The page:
Medtronic 4Q Profit Drops On Job-Cutting Expenses
NEW YORK (AP) — Medtronic said Tuesday its profit dropped 19 percent in the fourth-quarter and the device maker predicted lower-than-expected growth for the year ahead due to a continuing slump in sales of its implants.
The Minneapolis company’s quarterly profit fell short of Wall Street estimates, as did its outlook for the new fiscal year. Its shares lost $1.01, or 2.5 percent, to fall to $40.13 in morning trading.
Medtronic, the world’s largest medical device maker, has struggled to maintain earnings growth amid sluggish sales of its two leading products: heart defibrillators and spinal implants. In February the company announced 2,000 layoffs to bolster its financial position.
Analysts hoped the restructuring and improving market trends would result in higher earnings expectations for the coming year, but company management said sales would continue to be pressured by headwinds. In particular, the company’s heart-pacing defibrillators have been hurt by a medical paper suggesting the devices are overused and a federal investigation into doctors who implant the devices.
Medtronic said it earned $776 million, or 72 cents per share, in the fourth quarter. That was down from $954 million, or 86 cents per share, a year ago. Excluding $198 million in charges relayed to employee terminations, asset write-downs, and other costs, the company earned 90 cents per share.
Sales rose 2 percent to $4.3 billion from $4.2 billion.
Analysts polled by FactSet expected earnings of 93 cents per share for the quarter on sales of $4.29 billion, on average.
Medtronic forecast revenue growth of 1 to 3 percent for the next fiscal year, or $16.1 billion to $16.41 billion. The company expects to earn $3.43 to $3.50 per share. That includes 4 to 6 cents per share in costs related to its acquisition of blood pressure treatment maker Ardian.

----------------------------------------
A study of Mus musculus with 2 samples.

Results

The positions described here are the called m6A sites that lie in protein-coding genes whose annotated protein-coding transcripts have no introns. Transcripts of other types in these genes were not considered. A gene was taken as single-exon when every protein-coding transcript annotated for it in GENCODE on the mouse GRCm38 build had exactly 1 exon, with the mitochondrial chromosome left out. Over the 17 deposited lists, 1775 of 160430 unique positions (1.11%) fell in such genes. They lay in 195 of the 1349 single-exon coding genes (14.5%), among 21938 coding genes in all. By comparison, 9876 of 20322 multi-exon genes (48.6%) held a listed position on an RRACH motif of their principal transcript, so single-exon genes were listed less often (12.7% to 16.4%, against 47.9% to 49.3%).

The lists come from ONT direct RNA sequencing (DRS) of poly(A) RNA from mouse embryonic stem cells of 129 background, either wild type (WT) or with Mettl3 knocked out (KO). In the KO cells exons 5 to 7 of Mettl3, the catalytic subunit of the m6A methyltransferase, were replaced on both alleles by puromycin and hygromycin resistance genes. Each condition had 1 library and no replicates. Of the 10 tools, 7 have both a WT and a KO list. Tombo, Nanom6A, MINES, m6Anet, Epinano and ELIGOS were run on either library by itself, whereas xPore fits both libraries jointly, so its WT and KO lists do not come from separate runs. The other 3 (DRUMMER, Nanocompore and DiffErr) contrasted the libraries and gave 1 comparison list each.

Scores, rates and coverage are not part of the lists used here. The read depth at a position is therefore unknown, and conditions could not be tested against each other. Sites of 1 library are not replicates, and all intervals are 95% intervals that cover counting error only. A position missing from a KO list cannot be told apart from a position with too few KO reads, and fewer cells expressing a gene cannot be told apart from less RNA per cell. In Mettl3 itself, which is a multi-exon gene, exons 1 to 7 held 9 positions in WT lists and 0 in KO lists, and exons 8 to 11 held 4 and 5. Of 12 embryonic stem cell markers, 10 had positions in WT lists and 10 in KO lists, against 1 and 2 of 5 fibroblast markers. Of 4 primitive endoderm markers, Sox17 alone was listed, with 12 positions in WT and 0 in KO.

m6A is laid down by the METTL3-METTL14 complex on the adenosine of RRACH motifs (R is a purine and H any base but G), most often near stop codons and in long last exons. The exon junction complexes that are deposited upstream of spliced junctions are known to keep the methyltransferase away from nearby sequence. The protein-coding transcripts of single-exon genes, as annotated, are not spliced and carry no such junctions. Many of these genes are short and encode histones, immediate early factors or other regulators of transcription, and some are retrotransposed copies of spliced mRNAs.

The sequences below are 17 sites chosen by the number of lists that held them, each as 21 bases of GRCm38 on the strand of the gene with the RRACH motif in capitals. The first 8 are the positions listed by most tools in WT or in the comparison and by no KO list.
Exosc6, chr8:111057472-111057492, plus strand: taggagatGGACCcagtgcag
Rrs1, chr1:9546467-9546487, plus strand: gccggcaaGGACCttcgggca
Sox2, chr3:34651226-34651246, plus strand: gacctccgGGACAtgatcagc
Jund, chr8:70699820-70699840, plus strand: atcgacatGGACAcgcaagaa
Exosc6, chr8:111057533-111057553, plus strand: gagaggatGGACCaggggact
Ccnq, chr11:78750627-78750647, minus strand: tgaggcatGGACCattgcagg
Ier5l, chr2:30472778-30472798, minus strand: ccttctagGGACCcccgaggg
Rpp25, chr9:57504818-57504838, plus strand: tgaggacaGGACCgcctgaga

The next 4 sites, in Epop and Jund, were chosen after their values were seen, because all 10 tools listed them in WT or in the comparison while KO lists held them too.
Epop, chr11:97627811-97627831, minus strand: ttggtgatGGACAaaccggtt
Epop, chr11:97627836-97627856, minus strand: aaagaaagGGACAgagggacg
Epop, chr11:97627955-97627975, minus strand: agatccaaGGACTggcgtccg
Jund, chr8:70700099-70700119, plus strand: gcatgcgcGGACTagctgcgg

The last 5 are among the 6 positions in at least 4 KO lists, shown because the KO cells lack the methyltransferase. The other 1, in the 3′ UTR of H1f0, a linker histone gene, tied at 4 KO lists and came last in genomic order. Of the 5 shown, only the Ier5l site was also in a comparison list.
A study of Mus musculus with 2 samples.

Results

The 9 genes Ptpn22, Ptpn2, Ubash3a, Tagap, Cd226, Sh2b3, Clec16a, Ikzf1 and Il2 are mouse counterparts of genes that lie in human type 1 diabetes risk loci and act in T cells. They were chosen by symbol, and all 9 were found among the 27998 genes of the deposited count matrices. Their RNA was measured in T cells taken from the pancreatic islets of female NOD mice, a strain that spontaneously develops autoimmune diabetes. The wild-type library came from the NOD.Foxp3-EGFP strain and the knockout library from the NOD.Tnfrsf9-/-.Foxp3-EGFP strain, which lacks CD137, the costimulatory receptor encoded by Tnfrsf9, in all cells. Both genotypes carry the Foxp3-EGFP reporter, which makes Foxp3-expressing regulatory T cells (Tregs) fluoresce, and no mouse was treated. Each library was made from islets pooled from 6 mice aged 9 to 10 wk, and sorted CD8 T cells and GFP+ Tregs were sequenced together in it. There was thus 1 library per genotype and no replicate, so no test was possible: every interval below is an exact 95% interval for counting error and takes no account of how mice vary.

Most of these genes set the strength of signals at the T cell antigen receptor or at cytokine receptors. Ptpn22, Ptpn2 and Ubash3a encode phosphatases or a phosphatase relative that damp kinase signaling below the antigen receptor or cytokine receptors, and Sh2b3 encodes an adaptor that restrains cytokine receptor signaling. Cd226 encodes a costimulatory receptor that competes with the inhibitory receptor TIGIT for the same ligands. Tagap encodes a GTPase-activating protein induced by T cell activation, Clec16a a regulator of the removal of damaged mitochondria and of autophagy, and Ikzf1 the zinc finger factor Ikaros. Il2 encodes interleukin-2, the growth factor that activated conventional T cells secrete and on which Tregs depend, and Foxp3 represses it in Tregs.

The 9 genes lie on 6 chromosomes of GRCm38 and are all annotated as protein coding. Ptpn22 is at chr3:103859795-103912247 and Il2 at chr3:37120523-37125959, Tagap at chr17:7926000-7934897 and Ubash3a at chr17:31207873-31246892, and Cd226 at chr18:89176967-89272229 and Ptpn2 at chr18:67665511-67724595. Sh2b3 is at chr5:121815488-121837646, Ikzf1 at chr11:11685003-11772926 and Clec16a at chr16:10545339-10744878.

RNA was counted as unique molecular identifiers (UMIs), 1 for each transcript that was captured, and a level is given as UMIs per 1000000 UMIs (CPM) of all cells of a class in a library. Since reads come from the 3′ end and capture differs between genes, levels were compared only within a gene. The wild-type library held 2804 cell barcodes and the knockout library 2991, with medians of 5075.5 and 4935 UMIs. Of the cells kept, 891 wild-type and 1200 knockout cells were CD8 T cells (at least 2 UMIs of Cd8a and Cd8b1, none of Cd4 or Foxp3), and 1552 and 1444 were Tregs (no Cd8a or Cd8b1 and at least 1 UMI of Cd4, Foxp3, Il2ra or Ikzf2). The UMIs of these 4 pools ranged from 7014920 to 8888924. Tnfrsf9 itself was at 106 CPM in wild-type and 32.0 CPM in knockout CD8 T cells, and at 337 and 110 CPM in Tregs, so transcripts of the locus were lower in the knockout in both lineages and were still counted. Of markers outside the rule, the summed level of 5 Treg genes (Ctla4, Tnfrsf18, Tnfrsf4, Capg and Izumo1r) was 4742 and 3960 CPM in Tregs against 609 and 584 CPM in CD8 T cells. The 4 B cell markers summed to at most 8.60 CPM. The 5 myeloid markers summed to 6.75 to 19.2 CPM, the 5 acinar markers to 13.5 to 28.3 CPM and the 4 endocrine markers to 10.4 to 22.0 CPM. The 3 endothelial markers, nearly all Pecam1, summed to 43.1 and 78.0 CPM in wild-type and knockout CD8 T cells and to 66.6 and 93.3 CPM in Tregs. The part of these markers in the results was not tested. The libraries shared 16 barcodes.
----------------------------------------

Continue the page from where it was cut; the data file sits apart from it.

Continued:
Both earnings and revenue projections fell below analysts’ profit expectations of $3.62 per share and $16.7 billion in revenue.
The company’s performance and projections underscore the challenges that Medtronic’s incoming chief executive will inherit. Earlier this month the company announced it had selected Omar Ishrak, the head of General Electric’s Healthcare unit, to serve as its new chairman and CEO. The company spent a half-year searching for a new chief executive after announcing in December that Chairman and CEO Bill Hawkins planned to retire. Ishrak will take the CEO title on June 13.
Medtronic and other device makers face a combination of factors that have curbed performance: sluggish sales due to safety concerns, reduced reimbursement from insurers and tighter regulation by the federal government.
For the fourth quarter, sales of implantable heart rhythm products fell 7 percent to $1.32 billion as fewer surgeons implanted the heart-pacing devices. Sales of the company’s biggest business, called implantable cardioverter defibrillators, fell 16 percent to $760 million as U.S. sales continued to slump. Sales of stents and other cardiovascular devices grew 16 percent to $879 million.
The company’s spinal revenue fell 1 percent to $875 million. However, sales of diabetes treatments, surgical technology, and neuromodulation devices, which to treat pain and other conditions by stimulating the nervous system, all improved.
Medtronic said its international sales rose 12 percent on better sales in emerging markets like China, Latin America, India, and the Middle East and Africa.
Medtronic’s annual profit was nearly unchanged at $3.1 billion in the year ended April 29. A lower share count meant Medtronic earned $2.86 per share, up from $2.79 per share. Revenue edged up 1 percent to $15.93 billion from $15.82 billion.
Medtronic acquired Ardian in January for $800 million. The company makes a catheter system that is designed to treat high blood pressure by deactivating nerves around the kidneys, a therapy called renal denervation. Its Symplicity Catheter System has been approved in Australia and Europe, but is not yet cleared for sale in the U.S.